Last month, we detailed the emerging threats posed by cyberattacks to companies and the public at large. We also discussed the absence of obvious solutions to improve defenses against hackers. We’re starting to see some strategies for possible solutions now come together.
The White House is taking advantage of its bully pulpit. Even before the Securities and Exchange Commission announced its noteworthy settlement with First American Financial Corporation over lax cybersecurity in June, the Biden administration was promoting the need for businesses to beef up their defenses. The National Security Council’s cybersecurity adviser, Anne Neuberger, wrote corporate leaders last month to express the urgency of the potential threats. “Business leaders have a responsibility to strengthen their cyber defenses to protect the American public and our economy,” White House press secretary Jen Psaki said at the time.
While the White House offered suggestions on best practices, the guidance lacked any mention of consequences for cybersecurity deficiencies.
Meantime, in light of increased ransomware attacks on companies, insurance carriers are raising cyber insurance premiums and reducing payout amounts. They’re also tightening their underwriting standards – which often requires companies to boost their cyber protections. Facing extra scrutiny, companies often are waiting longer to obtain coverage.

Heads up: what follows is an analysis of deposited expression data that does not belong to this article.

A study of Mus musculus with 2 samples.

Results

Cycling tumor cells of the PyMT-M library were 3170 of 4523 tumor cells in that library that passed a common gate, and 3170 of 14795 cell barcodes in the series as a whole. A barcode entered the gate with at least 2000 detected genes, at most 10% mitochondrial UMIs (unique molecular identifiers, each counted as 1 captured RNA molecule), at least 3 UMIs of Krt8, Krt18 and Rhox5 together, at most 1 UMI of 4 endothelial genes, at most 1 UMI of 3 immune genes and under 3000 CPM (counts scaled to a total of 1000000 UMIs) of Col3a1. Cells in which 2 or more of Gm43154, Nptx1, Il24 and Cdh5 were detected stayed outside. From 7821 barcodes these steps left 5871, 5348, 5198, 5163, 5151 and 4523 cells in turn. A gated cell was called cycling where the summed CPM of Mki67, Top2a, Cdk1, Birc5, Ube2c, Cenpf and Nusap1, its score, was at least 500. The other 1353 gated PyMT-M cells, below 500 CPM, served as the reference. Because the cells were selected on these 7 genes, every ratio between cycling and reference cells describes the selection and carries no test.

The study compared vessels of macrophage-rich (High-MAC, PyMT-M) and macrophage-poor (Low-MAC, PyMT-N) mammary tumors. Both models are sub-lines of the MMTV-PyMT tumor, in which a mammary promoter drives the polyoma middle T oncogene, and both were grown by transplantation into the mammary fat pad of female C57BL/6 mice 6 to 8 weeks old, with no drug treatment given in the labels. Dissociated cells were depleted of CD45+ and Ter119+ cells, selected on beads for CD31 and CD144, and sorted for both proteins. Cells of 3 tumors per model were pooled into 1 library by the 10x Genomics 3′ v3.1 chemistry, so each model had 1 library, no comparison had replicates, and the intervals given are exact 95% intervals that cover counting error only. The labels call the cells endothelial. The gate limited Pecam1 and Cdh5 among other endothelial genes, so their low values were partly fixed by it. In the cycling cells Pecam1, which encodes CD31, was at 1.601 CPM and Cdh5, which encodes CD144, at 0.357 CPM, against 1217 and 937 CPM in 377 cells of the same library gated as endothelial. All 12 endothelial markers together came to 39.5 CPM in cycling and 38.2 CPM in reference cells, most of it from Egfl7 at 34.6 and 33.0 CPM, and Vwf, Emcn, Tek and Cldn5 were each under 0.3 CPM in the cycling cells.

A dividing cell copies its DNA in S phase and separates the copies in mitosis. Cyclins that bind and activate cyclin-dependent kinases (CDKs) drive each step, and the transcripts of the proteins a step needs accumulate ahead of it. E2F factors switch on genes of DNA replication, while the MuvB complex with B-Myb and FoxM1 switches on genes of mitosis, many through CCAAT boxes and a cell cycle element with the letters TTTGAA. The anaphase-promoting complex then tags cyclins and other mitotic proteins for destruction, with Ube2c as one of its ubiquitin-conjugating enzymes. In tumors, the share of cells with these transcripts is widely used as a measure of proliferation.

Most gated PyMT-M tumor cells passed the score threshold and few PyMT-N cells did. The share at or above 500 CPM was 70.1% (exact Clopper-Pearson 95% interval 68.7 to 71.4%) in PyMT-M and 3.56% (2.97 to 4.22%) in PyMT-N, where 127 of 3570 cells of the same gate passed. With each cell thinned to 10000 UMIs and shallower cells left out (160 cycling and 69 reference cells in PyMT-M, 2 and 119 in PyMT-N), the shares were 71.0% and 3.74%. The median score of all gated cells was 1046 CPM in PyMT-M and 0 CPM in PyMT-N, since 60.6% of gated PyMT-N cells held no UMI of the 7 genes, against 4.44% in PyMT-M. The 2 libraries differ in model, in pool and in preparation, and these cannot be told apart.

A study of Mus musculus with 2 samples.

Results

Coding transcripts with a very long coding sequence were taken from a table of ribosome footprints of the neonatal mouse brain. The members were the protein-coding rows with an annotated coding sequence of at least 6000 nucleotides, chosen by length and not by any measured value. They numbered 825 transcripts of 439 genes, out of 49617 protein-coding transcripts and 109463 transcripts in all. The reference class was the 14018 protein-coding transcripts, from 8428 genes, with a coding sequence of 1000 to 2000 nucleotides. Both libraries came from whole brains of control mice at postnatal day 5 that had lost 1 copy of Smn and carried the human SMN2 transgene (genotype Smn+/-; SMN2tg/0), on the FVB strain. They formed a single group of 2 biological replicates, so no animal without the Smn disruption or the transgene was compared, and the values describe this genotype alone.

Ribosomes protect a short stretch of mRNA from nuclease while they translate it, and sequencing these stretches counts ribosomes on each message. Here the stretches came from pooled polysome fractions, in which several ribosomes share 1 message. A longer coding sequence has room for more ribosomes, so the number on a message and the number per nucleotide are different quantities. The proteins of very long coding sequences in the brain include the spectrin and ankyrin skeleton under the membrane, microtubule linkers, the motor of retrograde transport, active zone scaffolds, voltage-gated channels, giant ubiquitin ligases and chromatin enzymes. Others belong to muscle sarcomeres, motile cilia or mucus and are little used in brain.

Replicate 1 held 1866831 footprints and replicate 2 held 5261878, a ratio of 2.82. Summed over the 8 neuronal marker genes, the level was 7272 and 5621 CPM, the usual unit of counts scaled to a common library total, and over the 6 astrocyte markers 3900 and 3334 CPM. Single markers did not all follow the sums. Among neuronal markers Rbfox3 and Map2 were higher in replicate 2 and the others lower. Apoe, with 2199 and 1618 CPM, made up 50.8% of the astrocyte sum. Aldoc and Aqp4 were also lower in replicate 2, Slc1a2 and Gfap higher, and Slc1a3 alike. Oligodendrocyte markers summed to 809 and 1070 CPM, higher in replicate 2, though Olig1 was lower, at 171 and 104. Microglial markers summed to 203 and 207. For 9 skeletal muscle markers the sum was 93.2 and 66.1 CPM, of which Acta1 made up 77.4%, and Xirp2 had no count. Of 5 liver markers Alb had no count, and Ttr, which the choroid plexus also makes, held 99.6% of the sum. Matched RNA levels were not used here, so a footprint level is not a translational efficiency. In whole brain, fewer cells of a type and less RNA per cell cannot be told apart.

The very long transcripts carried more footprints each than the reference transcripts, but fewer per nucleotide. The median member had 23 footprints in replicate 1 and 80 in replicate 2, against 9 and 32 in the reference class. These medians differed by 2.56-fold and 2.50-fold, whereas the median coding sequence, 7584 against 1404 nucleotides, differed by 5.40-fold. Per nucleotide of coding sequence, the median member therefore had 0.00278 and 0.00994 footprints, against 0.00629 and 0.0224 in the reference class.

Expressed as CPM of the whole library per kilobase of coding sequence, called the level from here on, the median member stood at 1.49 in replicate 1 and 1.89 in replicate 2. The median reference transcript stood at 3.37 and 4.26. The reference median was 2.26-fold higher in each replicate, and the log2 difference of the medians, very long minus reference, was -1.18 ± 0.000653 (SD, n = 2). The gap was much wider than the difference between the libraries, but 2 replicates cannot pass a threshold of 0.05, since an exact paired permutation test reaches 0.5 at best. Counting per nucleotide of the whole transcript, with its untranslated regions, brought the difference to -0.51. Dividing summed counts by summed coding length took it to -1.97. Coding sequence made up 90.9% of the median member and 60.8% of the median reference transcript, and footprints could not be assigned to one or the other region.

The administration has been more explicit when it comes to one of the biggest vulnerabilities exposed in recent hacking events: infrastructure. That need became clear earlier this year when a ransomware attack forced the Colonial Pipeline to shut down its network for days. The incident left many gas pumps on the East Coast dry for an extended period.
Prompted by the Colonial Pipeline shutdown, the Department of Homeland Security laid out new cybersecurity requirements last week for pipeline operators. They include implementing a cybersecurity contingency and recovery plan and reviewing the operators’ cybersecurity architecture design.
Some experts are proposing disclosure as a prophylactic against hacking. As Maine Sen. Angus King pointed out in a CNN interview, there was a multiple-day gap between when the Colonial Pipeline was hacked and when the company notified the government. That kind of lag limits what authorities can ultimately do to remedy the situation, such as freezing transactions involving digital tokens, hackers’ currency of choice. For companies wary of the bad PR that follows a data breach, paying the ransom often seems more appealing. More disclosure would help increase awareness and understanding of cyber-criminals’ tactics, but it would also demand more alignment between the byzantine rules governing disclosure at different levels of government. From companies’ and insurers’ perspective, though, increasing disclosure might not necessarily provide a better understanding of how to assess risk and anticipate costs associated with these issues.
The SEC may soon bring clarity to the situation as it evaluates creating rules for cybersecurity disclosures under the umbrella of environmental, social and governance issues. The agency is currently working on new ESG reporting rules at the behest of the Biden administration. Even with the enormity of that project and the contentious debates over what should go into the ESG rules, regulators may soon find cybersecurity measures moving up the list of priorities.